World scientists are striving to map activity in the human brain. Presumably, a map of neural activity will shed light on how the brain works and how choices are made.
Concurrently, there has been an upsurge in related fields seeking to understand human nature and behavior change: neuroaccounting, neuroeconomics, neurotics, neurofinance, neuroleadership, neurolinguisics, neuromanagement, neuromarketing, and now . . .neurofacilitation.
Neuroeconomics, cited by Anna Teo (The Business Times, 01/03/13), developed over 50 research groups around the world, “exploring the brain processes that underlie decision-making.” Economics focuses on how people make choices, especially when they cannot get everything they want. Traditional theory asserts that rational decision-making maximizes utility, satisfaction, or well being. Yet daily, people and groups generate sub-optimal decisions, so the question remains—why?
Science has advanced tremendously the past twenty years. Look no further for proof than proximity—they now know where in the brain choosing occurs, where preferences reside, and how choices happen physically. While they soon may be able to model ‘how we choose our underwear” (or how monkeys choose their juice), we professional facilitators must be held accountable to mapping how complex group decisions are made. Business meetings could be referred to as a neural net of decision-making.
Maintaining a diligent trail of challenge and documentation provides a benchmark to support neurofacilitation. Group decisions require traceability. Take any decision back to your supervisor, executive sponsor, or steering team and they will immediately respond with “Why?” Why did your group make the decision they made?
Data sets are making it much easier to make more informed decisions. Teo cites three relevant examples related to individual decision-making:
1) Electronic road pricing that helps predict the changing demographics, vehicle types, and density of traffic.
2) In New York City data is available on every taxicab: whether they are occupied or empty, when patrons are waiting (or not), size of the tips, etc.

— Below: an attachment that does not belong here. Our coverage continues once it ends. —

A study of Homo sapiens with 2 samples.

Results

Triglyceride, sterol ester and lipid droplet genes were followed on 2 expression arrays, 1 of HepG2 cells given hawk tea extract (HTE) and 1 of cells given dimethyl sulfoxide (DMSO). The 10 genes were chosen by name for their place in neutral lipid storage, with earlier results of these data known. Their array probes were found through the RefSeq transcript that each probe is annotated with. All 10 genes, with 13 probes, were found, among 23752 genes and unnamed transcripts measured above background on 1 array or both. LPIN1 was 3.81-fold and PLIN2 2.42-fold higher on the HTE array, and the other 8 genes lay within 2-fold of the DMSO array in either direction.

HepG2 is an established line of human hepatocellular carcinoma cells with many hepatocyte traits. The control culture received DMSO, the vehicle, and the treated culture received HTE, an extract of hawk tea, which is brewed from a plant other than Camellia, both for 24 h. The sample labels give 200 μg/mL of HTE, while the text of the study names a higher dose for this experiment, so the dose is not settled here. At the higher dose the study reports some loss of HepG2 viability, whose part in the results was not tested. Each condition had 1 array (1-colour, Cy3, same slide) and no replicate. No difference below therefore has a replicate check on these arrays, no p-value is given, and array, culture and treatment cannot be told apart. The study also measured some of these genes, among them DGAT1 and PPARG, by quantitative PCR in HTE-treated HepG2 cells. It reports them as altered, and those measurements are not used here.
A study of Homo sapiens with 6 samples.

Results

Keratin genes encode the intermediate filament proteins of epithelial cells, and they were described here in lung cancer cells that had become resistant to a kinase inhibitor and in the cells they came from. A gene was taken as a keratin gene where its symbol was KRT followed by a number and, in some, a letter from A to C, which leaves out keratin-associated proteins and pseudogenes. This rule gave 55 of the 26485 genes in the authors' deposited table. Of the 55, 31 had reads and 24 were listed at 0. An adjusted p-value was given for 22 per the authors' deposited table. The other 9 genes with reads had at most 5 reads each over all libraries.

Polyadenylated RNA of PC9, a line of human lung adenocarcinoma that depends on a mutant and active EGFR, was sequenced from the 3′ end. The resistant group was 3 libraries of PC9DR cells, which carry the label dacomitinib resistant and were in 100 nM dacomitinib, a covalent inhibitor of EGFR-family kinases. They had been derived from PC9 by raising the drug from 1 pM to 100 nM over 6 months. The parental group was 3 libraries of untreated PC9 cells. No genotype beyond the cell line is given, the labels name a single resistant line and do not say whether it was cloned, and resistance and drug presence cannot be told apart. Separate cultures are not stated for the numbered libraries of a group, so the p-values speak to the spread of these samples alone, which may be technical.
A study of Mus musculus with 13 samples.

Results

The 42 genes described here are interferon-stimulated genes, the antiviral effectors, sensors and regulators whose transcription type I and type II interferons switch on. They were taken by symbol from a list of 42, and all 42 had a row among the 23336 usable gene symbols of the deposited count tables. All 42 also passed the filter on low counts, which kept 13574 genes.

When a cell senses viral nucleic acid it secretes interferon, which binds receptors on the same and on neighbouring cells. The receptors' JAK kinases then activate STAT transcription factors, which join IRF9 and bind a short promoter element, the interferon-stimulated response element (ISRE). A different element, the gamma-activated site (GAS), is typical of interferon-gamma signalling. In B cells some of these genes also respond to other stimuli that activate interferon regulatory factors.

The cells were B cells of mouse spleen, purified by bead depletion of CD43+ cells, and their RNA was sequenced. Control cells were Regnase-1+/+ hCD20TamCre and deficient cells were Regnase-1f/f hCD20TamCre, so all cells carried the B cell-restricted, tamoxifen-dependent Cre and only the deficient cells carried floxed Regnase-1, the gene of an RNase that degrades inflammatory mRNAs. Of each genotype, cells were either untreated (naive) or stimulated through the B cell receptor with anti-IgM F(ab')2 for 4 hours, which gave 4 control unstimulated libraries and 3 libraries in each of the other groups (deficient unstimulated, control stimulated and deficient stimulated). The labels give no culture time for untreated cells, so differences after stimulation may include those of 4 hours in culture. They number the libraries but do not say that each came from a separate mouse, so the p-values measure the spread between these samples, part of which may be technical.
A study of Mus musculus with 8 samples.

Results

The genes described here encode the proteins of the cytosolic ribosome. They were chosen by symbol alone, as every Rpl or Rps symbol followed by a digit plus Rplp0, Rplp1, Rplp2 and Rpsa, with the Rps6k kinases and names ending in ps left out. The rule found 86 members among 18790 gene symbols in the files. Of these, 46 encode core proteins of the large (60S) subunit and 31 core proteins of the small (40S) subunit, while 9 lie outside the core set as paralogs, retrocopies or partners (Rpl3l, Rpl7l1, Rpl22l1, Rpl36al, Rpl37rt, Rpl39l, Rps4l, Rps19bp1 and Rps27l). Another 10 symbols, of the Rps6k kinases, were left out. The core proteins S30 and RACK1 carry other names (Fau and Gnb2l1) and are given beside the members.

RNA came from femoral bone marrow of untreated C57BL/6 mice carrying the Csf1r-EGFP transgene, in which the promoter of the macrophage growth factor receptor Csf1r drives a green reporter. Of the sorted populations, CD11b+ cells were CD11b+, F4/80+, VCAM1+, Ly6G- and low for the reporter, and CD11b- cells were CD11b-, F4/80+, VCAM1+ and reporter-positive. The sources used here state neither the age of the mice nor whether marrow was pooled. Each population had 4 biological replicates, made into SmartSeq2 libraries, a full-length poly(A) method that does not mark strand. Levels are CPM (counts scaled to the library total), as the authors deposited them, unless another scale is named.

3) Equity stock selections where information abounds whom, when, how much, etc.
Yet there is no comparable example offered to shed light on the most important decisions being made that affect all of humanity, not solely one individual. For example, should we go to war, fire a missile, build a new nuclear plant, construct a new highway (or conduct road repair), approve a major project, hire a key executive, etc.
Professional facilitators ought to sensitize themselves to the importance of neurofacilitation; ie, challenging the underlying rationale and carefully documenting the support behind all of the options, not only the final choice. You may never want to see the term ‘neurofacilitation’ again, but you know that it oversimplifies the true nature and complexity of group decision-making, and how groups or teams define “utility.”
Don’t ruin your career or reputation with bad meetings. Register for a class or forward this to someone who should. Taught by world-class instructors, MG RUSH professional facilitation curriculum focuses on practice. Each student thoroughly practices and rehearses tools, methods, and approaches throughout the week. While some call this immersion, we call it the road to building impactful facilitation skills.
Our courses also provide an excellent way to earn up to 40 SEUs from the Scrum Alliance, 40 PDUs from PMI, and 40 CDUs from IIBA, as well as 3.2 CEUs for other professions. (See individual class descriptions for details.)
Want a free 10-minute break timer? Signup for our once-monthly newsletter HERE and receive a timer along with four other of our favorite facilitation tools, free.